Abigail Stevenson

Jim Cramer was shocked when Honeywell (NYSE: HON), which has a huge assortment of businesses, saw its stock fall sharply in the beginning of October after management painted what was interpreted as a grim outlook for 2017.

Honeywell's CEO Dave Cote told the " Mad Money " host that perhaps the long-term message may have gotten lost in that presentation.

"I gave credit for people understanding what our long-term profile was. I was wrong," Cote said. "This is one where I could have done a significantly better job of communicating this story. We tried to do it in the context of 2017 is going to be good, but it seemed to get totally lost."

Honeywell released an updated presentation of the overall business on Thursday that painted a much brighter picture for the future.

Cote explained that instead of presenting the company's prospects in an overall package, the company attempted to explain the moving parts of the company.





Honeywell made some big moves this year. It tried and failed to take over United Technologies (NYSE: UTX), and then announced the sale of its Technology Solutions business and spun off its chemicals and resin business to create a new independent company called AdvanSix.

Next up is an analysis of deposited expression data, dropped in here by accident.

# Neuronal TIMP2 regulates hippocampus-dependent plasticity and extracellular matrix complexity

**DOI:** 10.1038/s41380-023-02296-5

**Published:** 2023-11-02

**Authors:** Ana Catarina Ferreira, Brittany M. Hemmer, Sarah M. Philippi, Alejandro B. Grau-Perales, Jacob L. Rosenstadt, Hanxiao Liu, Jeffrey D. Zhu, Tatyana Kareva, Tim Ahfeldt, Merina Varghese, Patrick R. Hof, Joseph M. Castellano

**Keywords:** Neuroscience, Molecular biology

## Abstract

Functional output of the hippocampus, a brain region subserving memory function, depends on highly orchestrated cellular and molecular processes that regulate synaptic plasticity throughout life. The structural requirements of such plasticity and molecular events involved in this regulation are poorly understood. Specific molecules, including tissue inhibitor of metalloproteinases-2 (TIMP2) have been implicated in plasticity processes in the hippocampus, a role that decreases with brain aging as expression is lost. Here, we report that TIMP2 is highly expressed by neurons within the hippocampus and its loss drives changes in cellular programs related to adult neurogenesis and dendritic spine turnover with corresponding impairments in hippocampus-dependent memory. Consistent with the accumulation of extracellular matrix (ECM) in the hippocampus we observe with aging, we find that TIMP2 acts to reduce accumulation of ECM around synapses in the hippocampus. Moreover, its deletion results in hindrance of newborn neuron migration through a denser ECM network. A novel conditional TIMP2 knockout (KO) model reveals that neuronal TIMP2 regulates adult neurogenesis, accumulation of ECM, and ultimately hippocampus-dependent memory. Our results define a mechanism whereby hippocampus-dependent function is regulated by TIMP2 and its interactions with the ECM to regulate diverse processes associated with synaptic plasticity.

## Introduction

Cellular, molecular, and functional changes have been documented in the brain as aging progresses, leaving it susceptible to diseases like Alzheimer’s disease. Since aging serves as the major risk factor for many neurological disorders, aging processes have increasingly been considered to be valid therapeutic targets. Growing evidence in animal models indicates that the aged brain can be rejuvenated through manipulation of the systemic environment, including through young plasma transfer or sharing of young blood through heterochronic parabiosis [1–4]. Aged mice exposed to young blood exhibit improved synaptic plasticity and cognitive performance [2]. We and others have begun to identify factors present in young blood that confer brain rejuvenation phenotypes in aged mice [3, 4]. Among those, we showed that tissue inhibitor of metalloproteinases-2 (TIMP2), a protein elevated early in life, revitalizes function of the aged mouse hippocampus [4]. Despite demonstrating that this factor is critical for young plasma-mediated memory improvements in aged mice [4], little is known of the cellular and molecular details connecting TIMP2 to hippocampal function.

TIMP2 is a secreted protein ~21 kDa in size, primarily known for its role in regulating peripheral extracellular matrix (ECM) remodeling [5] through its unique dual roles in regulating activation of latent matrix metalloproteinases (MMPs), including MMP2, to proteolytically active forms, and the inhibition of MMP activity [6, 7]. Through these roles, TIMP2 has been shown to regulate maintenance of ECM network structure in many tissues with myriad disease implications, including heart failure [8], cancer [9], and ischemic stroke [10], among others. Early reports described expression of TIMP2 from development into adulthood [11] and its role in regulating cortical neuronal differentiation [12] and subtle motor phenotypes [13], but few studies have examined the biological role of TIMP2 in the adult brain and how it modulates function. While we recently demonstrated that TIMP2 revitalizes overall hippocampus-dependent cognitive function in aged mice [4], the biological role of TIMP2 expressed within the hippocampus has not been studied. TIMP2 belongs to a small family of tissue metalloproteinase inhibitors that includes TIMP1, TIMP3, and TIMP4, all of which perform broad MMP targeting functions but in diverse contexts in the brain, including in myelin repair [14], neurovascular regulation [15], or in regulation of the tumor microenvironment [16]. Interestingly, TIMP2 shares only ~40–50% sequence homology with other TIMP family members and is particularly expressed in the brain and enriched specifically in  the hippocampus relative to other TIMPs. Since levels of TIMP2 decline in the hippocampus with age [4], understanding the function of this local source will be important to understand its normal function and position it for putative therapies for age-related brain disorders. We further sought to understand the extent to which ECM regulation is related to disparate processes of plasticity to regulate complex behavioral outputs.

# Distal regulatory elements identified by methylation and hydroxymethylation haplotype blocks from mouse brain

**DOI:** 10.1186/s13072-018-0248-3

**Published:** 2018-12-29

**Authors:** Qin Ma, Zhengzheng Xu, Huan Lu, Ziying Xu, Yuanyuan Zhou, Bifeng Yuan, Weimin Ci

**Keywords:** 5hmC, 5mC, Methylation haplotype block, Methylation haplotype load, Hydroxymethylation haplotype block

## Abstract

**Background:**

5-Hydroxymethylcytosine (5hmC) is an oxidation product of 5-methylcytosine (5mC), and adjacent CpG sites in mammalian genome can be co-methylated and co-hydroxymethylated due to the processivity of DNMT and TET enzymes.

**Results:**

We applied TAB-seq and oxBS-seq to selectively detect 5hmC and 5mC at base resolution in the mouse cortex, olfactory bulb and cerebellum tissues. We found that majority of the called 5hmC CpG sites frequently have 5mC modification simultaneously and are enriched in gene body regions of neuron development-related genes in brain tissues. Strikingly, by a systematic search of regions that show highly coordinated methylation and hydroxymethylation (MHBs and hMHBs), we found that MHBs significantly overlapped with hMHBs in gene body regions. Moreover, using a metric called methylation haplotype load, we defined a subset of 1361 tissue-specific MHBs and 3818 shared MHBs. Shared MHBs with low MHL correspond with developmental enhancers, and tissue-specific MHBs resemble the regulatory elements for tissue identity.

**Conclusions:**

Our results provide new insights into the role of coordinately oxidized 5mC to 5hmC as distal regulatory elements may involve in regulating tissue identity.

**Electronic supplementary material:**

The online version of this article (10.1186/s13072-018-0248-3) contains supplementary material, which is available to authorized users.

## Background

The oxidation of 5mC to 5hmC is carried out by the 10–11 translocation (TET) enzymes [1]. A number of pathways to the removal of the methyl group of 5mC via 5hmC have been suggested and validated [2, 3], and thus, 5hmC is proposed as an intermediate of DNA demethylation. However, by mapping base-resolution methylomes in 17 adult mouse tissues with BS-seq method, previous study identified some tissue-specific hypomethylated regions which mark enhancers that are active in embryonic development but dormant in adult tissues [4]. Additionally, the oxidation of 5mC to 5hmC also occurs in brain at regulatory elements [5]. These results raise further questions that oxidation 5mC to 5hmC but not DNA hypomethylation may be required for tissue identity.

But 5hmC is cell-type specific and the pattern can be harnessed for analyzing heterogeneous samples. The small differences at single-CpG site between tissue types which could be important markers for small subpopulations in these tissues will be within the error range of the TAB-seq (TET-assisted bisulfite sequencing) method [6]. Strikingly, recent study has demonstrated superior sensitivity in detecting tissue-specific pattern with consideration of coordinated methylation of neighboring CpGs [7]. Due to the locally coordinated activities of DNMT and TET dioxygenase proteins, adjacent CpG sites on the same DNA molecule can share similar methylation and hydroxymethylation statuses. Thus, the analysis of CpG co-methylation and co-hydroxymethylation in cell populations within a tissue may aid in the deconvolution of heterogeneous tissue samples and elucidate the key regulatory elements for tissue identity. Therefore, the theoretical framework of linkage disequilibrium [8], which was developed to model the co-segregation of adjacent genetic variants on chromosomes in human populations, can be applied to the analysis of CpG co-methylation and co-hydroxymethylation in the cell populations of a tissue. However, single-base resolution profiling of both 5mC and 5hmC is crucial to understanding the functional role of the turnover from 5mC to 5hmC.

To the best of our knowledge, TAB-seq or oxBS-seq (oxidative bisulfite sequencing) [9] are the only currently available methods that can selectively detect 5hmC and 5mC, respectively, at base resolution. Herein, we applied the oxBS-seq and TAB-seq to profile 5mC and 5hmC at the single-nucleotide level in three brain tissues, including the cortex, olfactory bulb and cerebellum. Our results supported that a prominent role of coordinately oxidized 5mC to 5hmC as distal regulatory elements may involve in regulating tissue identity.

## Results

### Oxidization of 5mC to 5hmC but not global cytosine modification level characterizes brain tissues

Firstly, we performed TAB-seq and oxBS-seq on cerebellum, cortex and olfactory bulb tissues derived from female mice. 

And while most of these moves were received well by Wall Street, investors were shaken when management adjusted its third-and-fourth-quarter 2016 and overall expectations.

"I have to tell you, I was astounded by the reaction," Cote said about the stock's 7 percent fall on Oct. 7 in response to the guidance.

Cramer noted that the presentation in the beginning of October addressed upfront the weakness in aerospace. Many investors associate Honeywell with aerospace, thus, they may have interpreted it as more of a dire situation than it actually was.

Cote said he agreed the aerospace industry is not as troubled, stating that while the bizjet market is declining, the commercial, defense and aerospace segments are doing fine. Honeywell also indicated in its updated presentation that the company's oil and gas business bottomed in the third quarter.

Cote rebuffed the theory that the company is squeezing the business to generate margins.

"I can understand how you might feel that way. I can understand feelings, but then you should at least search for some data that causes you to say that," Cote said.

Moving forward, Cote is transitioning the company's model to be less of a hardware model, with almost 50 percent of its engineers working to develop software. He added that based on the M&A profile of the company and its focus on technology and software, he thinks it is the best positioned industrial company when it comes to understanding the importance of physical and digital products.